Former Vice President Joe Biden struggled to explain his plan to persuade China to lower its carbon footprint on Wednesday.
Biden, who has fluctuated between downplaying China as an economic threat to warning they may soon outpace the U.S. in energy and infrastructure, was asked during CNN’s climate change town hall how he would pressure the communist power to address its carbon output—which is currently the largest in the world.
“I would make it real clear, that’s why we have to bring around the rest of the world, we have to reconfigure what’s going on,” Biden said, proceeding to argue international treaties like the Paris Climate Accord were a step in the right direction. “We have to up the ante of what’s going on.”
The former vice president added that China, like any other nation, that is unwilling to abide by global climate change standards would have to pay a “price.”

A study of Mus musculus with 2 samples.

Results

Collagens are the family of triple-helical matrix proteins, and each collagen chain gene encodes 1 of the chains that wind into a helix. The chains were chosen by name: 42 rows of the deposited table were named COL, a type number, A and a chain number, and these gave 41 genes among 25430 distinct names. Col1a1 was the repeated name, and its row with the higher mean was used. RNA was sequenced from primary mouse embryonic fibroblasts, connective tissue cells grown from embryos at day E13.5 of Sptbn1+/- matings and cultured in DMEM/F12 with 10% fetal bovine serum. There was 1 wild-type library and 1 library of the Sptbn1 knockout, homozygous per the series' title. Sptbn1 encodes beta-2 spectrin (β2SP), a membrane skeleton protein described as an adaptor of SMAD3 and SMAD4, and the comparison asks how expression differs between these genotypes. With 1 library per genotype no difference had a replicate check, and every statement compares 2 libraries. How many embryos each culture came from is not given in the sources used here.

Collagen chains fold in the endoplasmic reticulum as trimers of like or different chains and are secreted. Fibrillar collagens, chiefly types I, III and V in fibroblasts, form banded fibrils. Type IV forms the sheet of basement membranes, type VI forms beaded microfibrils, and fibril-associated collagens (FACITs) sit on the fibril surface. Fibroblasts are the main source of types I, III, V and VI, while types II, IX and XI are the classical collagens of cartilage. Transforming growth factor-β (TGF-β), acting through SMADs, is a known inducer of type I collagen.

“I would talk about dealing with how the deal with them in terms of tariffs relating to their products that are being sold if in fact they are involved in continuing to export—export—this climate change,” Biden said, “But got to get the rest of the world in on the deal.”
Before the U.S. could hope to exert such pressure, Biden said, it would need to first meet those standards itself.
“You can’t very well preach to the choir if in fact you can’t sing,” the former vice president said. “We have to be able to demonstrate what we are prepared to do…and call the rest of the world to account.”
How does Biden have any solutions for China now when they walked all over the United States when he was in Congress
— America's Voice News (@AVoiceNews) September 5, 2019
Biden’s argument in favor of increasing tariffs is surprising, especially since he’s criticized President Donald Trump in recent months for relying on the same strategy to curb China’s unfair trade practices.
“The president has done nothing but increase the tariffs, the debt, and the trade deficit,” Biden said during a campaign swing through New Hampshire in May.